Werel (Alterra)


In the 'Ekumen' science fiction stories of Ursula K. Le Guin, Werel is the colloquial name[1] for Alterra, a fictional planet of the star Gamma Draconis.[2] It is one of two planets called Werel in that series.[3] The name is an informal (though standard) one and means just "the world".[2]

History[edit]

It is the setting for Planet of Exile, and its later history is given in City of Illusions. The third planet of the star Gamma Draconis, it has an elliptical orbit lasting sixty Earth-years. Also a moon with an orbit 400 days long, leading to some wild weather. It was settled after the invention of the ansible and was planned as a defence against the enigmatic 'enemy'. But there was no contact after the first ship, consisting entirely of people from Earth. These colonists settled in a town called Landin, and tried to co-exist with the native high-intelligence life forms.

As Alterra, Werel is also mentioned in The Left Hand of Darkness and Four Ways to Forgiveness. Le Guin has made clear that it should not be confused with the Werel of Four Ways to Forgiveness, which is a planet with very different characteristics.[2]

At first the Earth-human population dwindled. Then they formed a close alliance with one of the native tribes[4] and also found that they could interbreed,[5] which had previously been thought impossible. On this basis, they recover and unify the world.

After 1200 years, the Alterrans send a ship to Earth, using a near-light-speed system. They are attacked and all but two perish. One of these outwits the alien Shing, oppressors of Earth, and returns to fetch help.[4] Presumably he succeeds: Genly Ai in The Left Hand of Darkness comes from Earth and remembers the 'Age of the Enemy' as something terrible, but also now over.

Science[edit]

The long orbit is scientifically correct, since Gamma Draconis is a giant star and a habitable world would have to be much further away from its sun. Eltanin, a name given in City of Illusions, is one of the star's traditional names. Its distance from Earth is given as 142 light-years, which is close to the current estimate.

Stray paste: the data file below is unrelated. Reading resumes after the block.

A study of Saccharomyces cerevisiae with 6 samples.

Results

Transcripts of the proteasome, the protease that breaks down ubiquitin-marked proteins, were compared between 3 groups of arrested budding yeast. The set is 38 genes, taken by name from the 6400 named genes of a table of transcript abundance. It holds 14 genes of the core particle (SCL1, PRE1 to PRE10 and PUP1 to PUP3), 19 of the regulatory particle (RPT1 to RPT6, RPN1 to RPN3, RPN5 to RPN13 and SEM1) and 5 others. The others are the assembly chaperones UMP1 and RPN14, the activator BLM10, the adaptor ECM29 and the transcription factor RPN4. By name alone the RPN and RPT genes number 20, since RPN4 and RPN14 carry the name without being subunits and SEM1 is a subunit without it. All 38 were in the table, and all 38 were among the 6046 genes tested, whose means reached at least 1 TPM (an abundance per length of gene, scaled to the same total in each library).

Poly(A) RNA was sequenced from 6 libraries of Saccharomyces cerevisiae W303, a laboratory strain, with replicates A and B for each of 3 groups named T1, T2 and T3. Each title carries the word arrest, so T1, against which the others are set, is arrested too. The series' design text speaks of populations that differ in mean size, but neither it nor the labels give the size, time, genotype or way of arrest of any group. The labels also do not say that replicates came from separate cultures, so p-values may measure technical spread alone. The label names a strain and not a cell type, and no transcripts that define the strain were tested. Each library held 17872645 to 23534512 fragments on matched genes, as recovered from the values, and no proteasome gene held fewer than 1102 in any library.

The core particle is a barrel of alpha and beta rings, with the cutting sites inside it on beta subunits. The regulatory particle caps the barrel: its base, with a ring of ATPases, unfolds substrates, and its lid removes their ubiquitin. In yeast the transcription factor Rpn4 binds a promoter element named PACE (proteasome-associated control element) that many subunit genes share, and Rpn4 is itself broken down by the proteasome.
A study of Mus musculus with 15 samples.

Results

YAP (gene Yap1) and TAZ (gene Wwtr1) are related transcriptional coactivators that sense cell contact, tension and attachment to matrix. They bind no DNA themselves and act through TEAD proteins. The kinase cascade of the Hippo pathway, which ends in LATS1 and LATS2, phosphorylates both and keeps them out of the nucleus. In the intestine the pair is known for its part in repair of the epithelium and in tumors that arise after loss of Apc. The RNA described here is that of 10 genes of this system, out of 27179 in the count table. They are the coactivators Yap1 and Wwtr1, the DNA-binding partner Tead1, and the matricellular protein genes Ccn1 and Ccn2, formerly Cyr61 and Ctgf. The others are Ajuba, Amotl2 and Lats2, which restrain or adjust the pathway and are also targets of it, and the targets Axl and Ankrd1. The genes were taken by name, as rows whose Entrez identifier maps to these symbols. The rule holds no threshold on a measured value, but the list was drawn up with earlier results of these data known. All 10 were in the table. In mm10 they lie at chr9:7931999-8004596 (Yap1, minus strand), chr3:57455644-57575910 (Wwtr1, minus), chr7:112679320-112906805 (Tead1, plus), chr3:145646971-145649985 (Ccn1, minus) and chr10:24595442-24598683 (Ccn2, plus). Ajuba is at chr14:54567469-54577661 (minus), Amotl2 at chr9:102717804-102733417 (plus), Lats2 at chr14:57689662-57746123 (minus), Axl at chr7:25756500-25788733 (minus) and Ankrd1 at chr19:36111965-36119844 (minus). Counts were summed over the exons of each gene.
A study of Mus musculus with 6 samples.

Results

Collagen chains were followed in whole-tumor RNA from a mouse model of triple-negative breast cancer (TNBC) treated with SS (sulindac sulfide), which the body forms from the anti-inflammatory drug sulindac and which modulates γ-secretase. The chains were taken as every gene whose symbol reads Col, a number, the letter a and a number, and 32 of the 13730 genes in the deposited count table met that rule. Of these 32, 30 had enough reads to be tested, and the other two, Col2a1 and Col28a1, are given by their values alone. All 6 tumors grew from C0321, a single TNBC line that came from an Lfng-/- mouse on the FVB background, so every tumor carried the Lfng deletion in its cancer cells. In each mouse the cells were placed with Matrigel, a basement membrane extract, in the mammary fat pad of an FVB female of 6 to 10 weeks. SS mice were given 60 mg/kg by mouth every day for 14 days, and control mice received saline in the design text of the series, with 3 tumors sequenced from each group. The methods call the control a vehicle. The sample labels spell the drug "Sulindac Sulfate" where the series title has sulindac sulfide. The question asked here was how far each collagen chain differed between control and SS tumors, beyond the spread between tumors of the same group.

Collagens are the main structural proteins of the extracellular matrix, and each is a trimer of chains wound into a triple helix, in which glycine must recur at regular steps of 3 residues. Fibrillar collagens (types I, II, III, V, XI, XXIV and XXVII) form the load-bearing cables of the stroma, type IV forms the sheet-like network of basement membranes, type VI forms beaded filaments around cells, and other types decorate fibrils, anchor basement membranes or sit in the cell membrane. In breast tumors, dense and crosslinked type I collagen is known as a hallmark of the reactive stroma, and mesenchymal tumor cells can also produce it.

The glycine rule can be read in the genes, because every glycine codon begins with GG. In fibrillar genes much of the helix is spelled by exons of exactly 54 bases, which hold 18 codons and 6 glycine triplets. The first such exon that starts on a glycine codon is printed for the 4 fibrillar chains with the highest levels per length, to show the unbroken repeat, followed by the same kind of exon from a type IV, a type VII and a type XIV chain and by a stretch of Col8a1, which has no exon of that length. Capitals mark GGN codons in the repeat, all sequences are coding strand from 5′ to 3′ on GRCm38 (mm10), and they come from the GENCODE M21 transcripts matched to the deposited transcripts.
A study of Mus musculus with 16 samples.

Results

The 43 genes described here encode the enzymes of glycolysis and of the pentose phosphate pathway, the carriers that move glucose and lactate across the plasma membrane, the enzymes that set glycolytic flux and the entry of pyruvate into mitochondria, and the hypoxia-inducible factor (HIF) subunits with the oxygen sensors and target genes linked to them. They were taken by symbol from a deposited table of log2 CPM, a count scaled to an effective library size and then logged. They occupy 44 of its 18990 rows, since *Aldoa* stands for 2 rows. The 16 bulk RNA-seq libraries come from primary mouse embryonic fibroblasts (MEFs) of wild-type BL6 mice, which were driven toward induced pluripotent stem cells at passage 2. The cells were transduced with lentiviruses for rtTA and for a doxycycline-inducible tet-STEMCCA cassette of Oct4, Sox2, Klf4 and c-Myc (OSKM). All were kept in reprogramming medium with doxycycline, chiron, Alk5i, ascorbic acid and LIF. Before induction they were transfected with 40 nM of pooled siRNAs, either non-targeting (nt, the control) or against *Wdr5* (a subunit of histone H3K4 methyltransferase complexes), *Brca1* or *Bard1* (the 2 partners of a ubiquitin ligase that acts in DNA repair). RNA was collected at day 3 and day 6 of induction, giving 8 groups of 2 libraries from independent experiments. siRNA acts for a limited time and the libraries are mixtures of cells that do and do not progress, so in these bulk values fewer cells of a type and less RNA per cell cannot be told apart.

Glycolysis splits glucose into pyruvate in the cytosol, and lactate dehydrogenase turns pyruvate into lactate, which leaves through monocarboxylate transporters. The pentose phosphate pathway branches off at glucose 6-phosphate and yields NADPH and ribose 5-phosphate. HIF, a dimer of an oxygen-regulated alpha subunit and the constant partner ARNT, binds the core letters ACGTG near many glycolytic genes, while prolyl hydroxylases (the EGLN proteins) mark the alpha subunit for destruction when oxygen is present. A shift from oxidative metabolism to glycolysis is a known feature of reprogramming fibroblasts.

On the other hand, giant stars last 100 million years or so, which is much less time than Earth needed to evolve complex life. It is possible that the native humanoids are of Hainish origin, modified as some other planetary populations have been modified. This would account for the successful imbreeding, which should not be possible if they had evolved from completely different biospheres.

In 1.5 million years, Eltanin will pass within 28 light years of Earth. At this point it will be as bright as Sirius. This would be long after Le Guin's tales and is not mentioned in her fiction.

See also[edit]

References[edit]

  1. ^ Erlich, Richard D. (2009). Coyote's Song: The Teaching Stories of Ursula K. Le Guin. Milford series: Popular writers of today 72. Wildside Press. p. 53. ISBN 9781434457752. 
  2. ^ a b c Erlich, Richard D. (2009). Coyote's Song: The Teaching Stories of Ursula K. Le Guin. Milford series: Popular writers of today 72. Wildside Press. p. 432. ISBN 9781434457752. 
  3. ^ Cadden, Mike (2005). Ursula K. Le Guin Beyond Genre: Fiction for Children and Adults (1st ed.). New York, NY: Routledge. p. 174. ISBN 0-415-99527-2. .
  4. ^ a b Wood, Susan (1979). "Discovering Worlds: The Fiction of Ursula K. Le Guin". In Clareson, Thomas D. Voices for the Future: Essays on Major Science Fiction Writers, Volume 2. Popular Press. p. 160. ISBN 9780879721350. 
  5. ^ Erlich, Richard D. (2009). Coyote's Song: The Teaching Stories of Ursula K. Le Guin. Milford series: Popular writers of today 72. Wildside Press. p. 433. ISBN 9781434457752.